Rust Belt Dharma
Boyhood memories and Burmese monks in Utica, New York
REUTERS / Mike Segar
Utica, New York, was a factory town when I was born here, famous for corruption and violence, for the vanished Mohawk tribe, for white bread and cheap beer and the Erie Canal. That city’s gone, dying like the rest of the Rust Belt: Utica’s population is down 40 percent. Incomes are less than half the national average. Nearly half the buildings downtown have been torn down.
I left Utica 47 years ago, age 10, and never returned. The day I left, John Kennedy had four months to live. They were advertising a new TV show called The Fugitive. Radios played “Surf City,” “Memphis,” and bad-girl group the Angels promising a “beating” in “My Boyfriend’s Back.”
And now, instead of the Angels, devas. Refugees, including Buddhists from war-torn regions in Asia, have arrived in Utica. The monks who led Burma’s Saffron Revolution came here, along with Cambodian and Vietnamese exiles. Their presence gave me a reason to return. I’d first engaged with Buddhism as something exotic, another form of escape like many I’d tried. Impermanence, interconnectedness, dukkha (suffering), the nature of self—they had been abstract ideas to me. Maybe seeing this place again and meeting these people would make them more real. For years I’d run away from the frightened kid I’d been. Maybe now I was ready to face this place, and whatever remained of this place in me.
“Sin City USA!” screamed the cover of a 1959 magazine about Utica. “Corrupt Policemen, Racketeers Laughing at the Law . . . An Empire of Vice and Drugs.” A few years later the town’s prosperity faded, until even the hit men left for more promising territory. The house where I spent my first few months of life is now boarded up. Drug deals go down on the street outside. But three blocks away, kindly monks encouraged me to eat an apple and sip a Thai energy drink. “I spent 10 years in prison for pro-democracy activities,” said U Pyinya Zawta, executive director in exile of the All Burma Monks’ Alliance. “There I suffered the pain of torture.”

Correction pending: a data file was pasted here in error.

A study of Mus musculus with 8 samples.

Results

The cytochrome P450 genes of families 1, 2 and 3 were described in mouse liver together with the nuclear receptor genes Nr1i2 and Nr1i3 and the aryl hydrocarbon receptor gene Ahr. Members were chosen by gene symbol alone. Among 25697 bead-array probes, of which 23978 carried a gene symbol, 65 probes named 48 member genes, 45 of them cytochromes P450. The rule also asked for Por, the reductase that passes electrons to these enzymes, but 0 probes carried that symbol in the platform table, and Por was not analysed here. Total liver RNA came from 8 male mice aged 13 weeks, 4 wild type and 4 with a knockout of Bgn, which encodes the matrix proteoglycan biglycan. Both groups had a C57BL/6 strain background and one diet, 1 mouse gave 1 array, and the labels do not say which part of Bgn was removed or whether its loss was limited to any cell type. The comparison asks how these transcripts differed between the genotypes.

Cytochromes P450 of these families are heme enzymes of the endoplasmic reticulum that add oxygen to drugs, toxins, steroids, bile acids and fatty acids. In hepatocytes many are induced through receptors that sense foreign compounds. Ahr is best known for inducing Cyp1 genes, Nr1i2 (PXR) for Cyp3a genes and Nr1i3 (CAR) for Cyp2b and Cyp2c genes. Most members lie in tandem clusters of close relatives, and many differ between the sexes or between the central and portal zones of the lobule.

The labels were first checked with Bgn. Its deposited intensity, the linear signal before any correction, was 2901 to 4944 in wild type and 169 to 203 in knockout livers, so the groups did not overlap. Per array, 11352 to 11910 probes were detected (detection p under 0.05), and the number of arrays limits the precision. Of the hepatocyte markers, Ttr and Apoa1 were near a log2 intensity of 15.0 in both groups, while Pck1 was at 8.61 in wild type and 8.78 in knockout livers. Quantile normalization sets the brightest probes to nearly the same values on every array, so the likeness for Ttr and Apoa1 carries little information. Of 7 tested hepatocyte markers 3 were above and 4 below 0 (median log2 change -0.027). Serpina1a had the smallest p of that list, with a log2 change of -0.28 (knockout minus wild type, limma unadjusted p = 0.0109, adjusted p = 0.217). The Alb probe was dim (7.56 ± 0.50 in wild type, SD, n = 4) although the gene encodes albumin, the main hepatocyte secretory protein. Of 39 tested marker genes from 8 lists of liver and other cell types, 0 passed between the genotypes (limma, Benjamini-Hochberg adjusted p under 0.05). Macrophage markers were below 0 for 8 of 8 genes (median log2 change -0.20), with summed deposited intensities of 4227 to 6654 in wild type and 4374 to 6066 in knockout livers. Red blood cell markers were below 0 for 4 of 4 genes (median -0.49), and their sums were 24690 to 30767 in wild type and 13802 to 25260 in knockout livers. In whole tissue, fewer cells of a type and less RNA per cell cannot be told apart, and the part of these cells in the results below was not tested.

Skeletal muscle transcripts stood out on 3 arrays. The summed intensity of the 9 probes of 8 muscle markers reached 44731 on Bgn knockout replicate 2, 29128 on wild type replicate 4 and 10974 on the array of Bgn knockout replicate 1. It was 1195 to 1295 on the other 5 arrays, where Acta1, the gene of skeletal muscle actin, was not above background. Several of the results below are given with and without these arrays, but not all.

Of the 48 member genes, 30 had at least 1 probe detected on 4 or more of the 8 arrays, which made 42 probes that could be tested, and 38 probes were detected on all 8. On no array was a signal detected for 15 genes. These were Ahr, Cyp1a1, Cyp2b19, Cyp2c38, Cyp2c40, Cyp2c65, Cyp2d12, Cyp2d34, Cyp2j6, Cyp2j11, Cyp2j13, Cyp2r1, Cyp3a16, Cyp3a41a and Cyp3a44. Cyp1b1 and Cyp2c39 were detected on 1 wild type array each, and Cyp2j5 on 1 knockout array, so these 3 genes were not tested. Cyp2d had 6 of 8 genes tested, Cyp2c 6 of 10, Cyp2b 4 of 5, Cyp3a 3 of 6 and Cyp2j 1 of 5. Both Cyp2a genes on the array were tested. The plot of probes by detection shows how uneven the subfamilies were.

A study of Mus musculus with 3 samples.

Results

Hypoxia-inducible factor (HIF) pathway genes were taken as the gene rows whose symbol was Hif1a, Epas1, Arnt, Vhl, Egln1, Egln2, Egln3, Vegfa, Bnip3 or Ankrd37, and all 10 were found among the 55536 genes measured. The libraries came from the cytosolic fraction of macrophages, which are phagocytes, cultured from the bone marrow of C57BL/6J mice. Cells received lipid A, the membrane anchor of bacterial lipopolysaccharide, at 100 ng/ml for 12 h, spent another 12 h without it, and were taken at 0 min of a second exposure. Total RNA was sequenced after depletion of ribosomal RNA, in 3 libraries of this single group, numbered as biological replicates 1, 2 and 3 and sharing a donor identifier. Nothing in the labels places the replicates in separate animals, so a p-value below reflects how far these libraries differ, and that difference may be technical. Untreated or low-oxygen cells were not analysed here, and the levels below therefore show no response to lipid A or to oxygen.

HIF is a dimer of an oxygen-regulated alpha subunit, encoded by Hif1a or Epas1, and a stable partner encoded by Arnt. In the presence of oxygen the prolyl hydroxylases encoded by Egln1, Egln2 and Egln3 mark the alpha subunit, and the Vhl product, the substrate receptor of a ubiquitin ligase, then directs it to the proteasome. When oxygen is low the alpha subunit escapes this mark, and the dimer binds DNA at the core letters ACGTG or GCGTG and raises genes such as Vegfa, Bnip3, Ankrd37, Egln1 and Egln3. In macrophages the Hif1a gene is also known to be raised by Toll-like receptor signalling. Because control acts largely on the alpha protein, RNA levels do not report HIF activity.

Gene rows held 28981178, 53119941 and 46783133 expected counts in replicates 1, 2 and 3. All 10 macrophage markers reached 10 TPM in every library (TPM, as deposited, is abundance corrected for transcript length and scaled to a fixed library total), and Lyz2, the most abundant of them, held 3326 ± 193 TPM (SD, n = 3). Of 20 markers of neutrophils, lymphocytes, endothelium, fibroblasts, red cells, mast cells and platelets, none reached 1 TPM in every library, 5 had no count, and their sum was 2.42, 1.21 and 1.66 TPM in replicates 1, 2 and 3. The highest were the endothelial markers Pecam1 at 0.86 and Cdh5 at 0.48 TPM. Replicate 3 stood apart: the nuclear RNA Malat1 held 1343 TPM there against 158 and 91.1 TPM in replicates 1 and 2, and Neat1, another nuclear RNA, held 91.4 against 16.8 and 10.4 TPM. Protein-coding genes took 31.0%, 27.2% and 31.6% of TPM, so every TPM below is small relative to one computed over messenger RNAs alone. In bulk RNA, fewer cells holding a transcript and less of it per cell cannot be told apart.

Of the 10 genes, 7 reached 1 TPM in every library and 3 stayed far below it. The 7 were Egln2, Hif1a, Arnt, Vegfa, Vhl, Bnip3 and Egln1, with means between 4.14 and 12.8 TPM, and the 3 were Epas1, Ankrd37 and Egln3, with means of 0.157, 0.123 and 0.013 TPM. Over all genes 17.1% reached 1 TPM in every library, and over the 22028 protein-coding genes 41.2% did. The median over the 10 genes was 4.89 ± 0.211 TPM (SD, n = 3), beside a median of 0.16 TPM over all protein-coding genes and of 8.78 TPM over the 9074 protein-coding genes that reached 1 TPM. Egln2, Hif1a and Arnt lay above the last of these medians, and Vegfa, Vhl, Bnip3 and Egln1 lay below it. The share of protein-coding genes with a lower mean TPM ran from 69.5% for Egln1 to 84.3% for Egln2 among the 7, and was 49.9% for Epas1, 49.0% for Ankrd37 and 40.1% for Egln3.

The Burmese monks were brought here by the Mohawk Valley Resource Center for Refugees, the hub of a 13,000-person immigrant community that makes up roughly 12 percent of the city’s population. Most of Utica’s 2,000 Burmese are ethnically Karen Christians, along with some Muslim families and 200 or 300 Buddhists.
Some Buddhists speak of karmic residue, vasana, as “perfume.” “After you scream,” said Zen teacher Dainin Katagiri, “something is still there . . . not as a shadow, but as something in your body and mind.” At the age of 8 I was held in our family’s garage for hours by a gang of older kids, stabbed 19 times with a rusty hatpin. U Pyinya offered no specifics about his 10-year ordeal. Instead, he told me how his experience with HIV-infected prisoners led him to build the first HIV facility in Burma.
Peeling paint and crayon scribblings marked the walls of the tiny house he shared with three other monks. I asked him if monasticism and political activism are in conflict. “The Buddha taught us that we need to work for the whole universe,” he answered, “and for all living beings to be peaceful and happy.” Burmese visitors wandered in and out of the house, but activity stopped when the BBC’s Burmese-language news broadcast came on, and the monks huddled around the radio.